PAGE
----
There was a realistic-looking camel in our church narthex yesterday; also a wooden donkey in the sanctuary and woolly sheep on the chancel. Later, a baby appeared, nestled in a manger.
A young shepherd rolled on the floor clutching his sheep, while a diminutive angel, minus her halo and with a bent wing and bare feet, watched the proceedings and waited for her cue.
Sunday began the third week of Advent with its theme of JOY — and there was a lot of joy in that service!
Every year the church school children rehearse with the adults and come together for an intergenerational pageant depicting some aspect of the Christmas story. This year it was all about comparing the story as it appears in the four Gospels of Matthew, Mark, Luke and John.
What is it about these presentations that makes them much anticipated annual events? They aren’t slick, professional performances, but they always draw ‘a full house’. I think much of their value is in the preparation — the listening and learning, the unravelling of a holy story that is a mystery to children. Is it really so hard to understand that Mary and Joseph travelled to Bethlehem and had a baby in the stable because there was no vacancy in the local inns? No, but try to explain to children the love that is so integral to the story.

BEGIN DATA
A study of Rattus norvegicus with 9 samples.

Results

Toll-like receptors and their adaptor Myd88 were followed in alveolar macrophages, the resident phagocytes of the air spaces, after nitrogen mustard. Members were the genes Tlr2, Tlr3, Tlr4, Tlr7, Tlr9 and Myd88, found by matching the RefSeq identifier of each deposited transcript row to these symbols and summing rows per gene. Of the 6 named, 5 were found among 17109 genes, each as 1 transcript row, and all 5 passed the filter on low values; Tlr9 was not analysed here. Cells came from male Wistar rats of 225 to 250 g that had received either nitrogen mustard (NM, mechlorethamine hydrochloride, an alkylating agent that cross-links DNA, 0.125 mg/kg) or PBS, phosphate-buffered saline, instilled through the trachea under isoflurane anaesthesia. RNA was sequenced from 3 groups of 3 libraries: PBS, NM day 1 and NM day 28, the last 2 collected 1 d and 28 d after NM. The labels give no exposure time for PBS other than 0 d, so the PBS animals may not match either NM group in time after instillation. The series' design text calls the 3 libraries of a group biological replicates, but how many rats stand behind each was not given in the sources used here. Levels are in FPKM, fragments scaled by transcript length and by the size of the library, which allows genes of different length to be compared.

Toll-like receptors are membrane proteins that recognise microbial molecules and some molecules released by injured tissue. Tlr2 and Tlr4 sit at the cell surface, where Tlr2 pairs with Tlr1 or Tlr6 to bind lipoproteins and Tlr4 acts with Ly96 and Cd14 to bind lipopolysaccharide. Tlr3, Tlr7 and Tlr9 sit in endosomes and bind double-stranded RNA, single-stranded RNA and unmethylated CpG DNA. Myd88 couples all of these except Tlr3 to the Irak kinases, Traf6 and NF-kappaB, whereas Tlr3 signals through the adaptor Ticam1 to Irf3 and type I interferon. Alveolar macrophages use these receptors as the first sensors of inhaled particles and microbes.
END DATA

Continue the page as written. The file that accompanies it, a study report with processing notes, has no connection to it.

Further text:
Each year the church confronts them (and us) with the story of God’s incredible love as seen from different perspectives, and then leaves the result in God’s hands. The hope is that within their lifetime, the seed now sown will be nurtured into a meaningful and life-sustaining faith.
So no, yesterday’s giggles and halting recitations weren’t part of “just another Sunday School pageant”, but a joy-filled gathering, an experience of sharing and learning, helping the church convey the wonder of God’s love as expressed in a cradle and a cross.